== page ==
Israel and Hamas have continued to trade fire as the war between the rivals entered a second week.

Israel carried out a wave of air strikes on what it said were militant targets in Gaza, levelling a six-storey building in Gaza City, and Palestinian militants fired dozens of rockets into Israel.

Explosions from the air strikes echoed through the pre-dawn darkness in Gaza City, sending flashes of orange across the night sky.

The strikes toppled the Kahil building, which contains libraries and educational centres belonging to the Islamic University. Clouds of dust hung over the site, which had been reduced to piles of concrete rubble and tangled power lines.

There were no immediate reports of casualties from the overnight strikes.

Heavy fighting broke out on May 10 when Gaza's militant Hamas rulers fired long-range rockets towards Jerusalem in support of Palestinian protests in the city against Israel's heavy-handed policing of the Al-Aqsa mosque compound, a flashpoint holy site sacred to Jews and Muslims, and the threatened eviction of dozens of Palestinian families by Jewish settlers.

The Israeli military said on Tuesday it fired more than 100 munitions at 65 militant targets, including rocket launchers, a group of fighters and the homes of Hamas commanders that the army said were being used for military purposes. It said more than 60 fighter jets took part in the operation.

The military said Palestinian militants fired 90 rockets, 20 of which fell short into Gaza. Israel says its missile defences have a 90% interception rate.

At least 212 Palestinians have been killed in the week of heavy air strikes, including 61 children and 36 women, with more than 1,400 people wounded, according to the Gaza Health Ministry.

Ten people in Israel, including a five-year-old boy and a soldier, have been killed in the ongoing rocket attacks launched from civilian areas in Gaza towards civilian areas in Israel.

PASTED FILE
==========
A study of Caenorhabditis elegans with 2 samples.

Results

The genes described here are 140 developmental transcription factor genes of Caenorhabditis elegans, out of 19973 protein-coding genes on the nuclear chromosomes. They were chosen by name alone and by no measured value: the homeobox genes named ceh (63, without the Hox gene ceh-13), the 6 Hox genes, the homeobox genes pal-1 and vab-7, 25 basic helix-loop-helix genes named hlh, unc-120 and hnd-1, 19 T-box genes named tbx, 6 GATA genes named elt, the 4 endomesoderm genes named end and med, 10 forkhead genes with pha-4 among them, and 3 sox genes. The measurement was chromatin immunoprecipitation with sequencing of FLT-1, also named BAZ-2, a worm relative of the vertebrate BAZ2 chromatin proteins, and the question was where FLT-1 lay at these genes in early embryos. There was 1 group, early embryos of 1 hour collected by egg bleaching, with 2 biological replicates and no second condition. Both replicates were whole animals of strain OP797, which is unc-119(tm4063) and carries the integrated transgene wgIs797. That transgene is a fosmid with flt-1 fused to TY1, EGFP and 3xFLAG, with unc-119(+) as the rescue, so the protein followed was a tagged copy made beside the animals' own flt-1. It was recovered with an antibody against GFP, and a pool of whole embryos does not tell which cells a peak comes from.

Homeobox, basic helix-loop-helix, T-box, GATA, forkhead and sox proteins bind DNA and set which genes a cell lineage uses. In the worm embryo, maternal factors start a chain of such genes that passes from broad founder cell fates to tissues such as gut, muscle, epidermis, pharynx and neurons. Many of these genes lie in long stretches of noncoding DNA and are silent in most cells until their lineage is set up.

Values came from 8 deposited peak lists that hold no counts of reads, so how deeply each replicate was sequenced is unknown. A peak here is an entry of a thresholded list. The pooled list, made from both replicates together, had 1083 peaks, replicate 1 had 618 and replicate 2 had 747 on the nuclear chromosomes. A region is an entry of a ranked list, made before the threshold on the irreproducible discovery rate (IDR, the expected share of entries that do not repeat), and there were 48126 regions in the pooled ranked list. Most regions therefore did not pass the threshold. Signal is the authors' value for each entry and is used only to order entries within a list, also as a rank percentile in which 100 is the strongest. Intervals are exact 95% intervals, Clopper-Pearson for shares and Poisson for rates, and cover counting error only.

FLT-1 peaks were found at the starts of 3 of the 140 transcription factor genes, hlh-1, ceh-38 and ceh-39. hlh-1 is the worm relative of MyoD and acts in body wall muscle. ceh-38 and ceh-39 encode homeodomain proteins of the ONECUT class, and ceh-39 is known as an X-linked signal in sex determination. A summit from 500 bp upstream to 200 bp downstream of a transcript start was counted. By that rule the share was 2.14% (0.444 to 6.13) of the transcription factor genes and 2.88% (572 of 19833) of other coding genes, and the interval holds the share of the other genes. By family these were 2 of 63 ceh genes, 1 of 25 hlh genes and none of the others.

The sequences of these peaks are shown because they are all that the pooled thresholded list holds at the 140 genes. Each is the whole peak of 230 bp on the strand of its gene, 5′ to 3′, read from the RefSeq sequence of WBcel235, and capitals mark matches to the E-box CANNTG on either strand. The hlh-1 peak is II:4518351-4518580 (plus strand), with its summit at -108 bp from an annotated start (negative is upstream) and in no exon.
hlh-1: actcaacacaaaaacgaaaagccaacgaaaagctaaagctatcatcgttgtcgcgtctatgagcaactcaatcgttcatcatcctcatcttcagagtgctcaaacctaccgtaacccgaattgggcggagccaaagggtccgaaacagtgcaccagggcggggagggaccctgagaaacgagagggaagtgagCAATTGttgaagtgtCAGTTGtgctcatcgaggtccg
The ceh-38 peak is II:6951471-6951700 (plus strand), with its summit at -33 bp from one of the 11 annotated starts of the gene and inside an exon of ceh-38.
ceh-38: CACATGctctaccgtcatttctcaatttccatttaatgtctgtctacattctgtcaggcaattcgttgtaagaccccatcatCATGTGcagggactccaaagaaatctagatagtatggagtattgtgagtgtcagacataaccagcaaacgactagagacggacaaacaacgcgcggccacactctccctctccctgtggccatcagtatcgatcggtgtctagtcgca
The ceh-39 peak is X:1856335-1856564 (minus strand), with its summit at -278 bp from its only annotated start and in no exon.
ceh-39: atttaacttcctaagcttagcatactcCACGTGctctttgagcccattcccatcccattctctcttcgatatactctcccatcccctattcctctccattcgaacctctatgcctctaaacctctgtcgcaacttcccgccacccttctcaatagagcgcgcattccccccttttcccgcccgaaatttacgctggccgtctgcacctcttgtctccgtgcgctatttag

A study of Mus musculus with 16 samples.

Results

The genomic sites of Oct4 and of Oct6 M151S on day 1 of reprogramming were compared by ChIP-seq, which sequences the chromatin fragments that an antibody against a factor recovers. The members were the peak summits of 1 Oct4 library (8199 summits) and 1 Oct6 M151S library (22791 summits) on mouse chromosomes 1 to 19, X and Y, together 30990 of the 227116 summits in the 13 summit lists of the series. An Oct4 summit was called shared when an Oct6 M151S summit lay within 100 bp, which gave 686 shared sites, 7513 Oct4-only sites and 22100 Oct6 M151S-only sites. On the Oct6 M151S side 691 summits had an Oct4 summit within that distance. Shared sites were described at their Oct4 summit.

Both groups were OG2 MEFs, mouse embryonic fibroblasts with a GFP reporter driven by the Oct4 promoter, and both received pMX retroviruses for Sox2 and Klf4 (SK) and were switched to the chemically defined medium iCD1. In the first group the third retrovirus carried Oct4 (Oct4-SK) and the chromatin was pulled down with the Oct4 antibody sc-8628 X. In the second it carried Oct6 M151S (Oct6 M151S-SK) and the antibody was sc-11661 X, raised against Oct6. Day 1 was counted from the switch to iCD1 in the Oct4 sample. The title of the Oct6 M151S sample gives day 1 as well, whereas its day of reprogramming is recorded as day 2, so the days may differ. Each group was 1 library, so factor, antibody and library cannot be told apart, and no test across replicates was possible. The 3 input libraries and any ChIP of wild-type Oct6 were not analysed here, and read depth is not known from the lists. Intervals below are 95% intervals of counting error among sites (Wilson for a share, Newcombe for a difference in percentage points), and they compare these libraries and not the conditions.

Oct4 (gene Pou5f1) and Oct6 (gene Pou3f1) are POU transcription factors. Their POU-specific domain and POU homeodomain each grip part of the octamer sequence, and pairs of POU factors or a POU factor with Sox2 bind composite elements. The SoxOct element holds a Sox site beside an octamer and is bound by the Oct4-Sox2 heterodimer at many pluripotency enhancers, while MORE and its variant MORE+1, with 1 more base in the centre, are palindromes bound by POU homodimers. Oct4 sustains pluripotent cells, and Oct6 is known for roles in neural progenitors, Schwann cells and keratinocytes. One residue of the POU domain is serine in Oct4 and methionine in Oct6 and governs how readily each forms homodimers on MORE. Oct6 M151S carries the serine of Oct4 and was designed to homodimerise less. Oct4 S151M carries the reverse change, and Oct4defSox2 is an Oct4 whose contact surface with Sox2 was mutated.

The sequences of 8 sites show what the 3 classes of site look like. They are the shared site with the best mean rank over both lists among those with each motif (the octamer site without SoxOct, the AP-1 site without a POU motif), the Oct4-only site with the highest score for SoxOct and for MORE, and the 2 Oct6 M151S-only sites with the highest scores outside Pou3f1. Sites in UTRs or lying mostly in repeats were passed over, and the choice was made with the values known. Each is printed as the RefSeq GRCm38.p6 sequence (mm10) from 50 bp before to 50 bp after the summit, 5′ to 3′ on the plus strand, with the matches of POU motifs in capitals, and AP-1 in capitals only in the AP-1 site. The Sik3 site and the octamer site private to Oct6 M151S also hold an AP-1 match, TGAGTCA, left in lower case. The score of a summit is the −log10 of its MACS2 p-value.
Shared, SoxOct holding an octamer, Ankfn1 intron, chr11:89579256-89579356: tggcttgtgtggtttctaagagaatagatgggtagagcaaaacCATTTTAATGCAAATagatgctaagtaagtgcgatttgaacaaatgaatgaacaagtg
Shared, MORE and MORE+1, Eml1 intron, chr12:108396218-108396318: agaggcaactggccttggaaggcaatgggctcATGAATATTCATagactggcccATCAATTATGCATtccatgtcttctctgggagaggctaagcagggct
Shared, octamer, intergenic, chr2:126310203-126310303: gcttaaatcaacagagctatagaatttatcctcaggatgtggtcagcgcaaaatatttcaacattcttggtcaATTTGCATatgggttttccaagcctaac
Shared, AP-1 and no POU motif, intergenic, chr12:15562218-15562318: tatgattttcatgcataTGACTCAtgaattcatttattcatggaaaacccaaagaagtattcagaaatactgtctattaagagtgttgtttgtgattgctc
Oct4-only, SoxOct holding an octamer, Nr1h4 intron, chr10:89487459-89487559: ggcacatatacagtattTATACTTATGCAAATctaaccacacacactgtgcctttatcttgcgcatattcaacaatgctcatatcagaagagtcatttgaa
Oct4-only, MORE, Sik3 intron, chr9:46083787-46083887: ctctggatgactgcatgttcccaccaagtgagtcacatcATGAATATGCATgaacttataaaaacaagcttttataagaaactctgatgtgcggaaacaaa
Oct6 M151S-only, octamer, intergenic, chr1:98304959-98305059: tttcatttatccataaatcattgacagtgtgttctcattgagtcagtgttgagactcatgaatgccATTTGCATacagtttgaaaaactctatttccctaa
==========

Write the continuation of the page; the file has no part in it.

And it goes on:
Israel says it has inflicted heavy damage on Hamas' military infrastructure, including a vast network of militant tunnels it refers to as the "Metro."

On Monday, US President Joe Biden expressed support for a ceasefire between Israel and Gaza's militant Hamas rulers in a call to Israeli Prime Minister Benjamin Netanyahu.

However, Mr Biden stopped short of demanding an immediate stop to the eight days of Israeli air strikes and Hamas rocket barrages.

Mr Biden's carefully worded statement came with the administration under pressure to respond more forcefully despite its determination to move the US foreign policy focus away from Middle East conflicts.

His comments on a ceasefire were open-ended, and similar to previous administration statements of support in principle for a ceasefire. That is in contrast to demands from dozens of Democratic politicians and others for an immediate halt by both sides.

The US leader "encouraged Israel to make every effort to ensure the protection of innocent civilians", the White House said in a statement about the call.

An administration official familiar with the call said the decision to express support and not explicitly demand a ceasefire was intentional.

While Mr Biden and top aides are concerned about the mounting bloodshed and loss of innocent life, the decision not to demand an immediate halt to hostilities reflects White House determination to support Israel's right to defend itself from Hamas, the official said.

Separately, the United States, Israel's top ally, blocked for a third time on Monday what would have been a unanimous statement by the 15-nation UN Security Council expressing "grave concern" over the intensifying Israeli-Palestinian conflict and the loss of civilian lives.

The final US rejection killed the Security Council statement, at least for now.

White House press secretary Jen Psaki and national security adviser Jake Sullivan said the United States was focusing instead on "quiet, intensive diplomacy".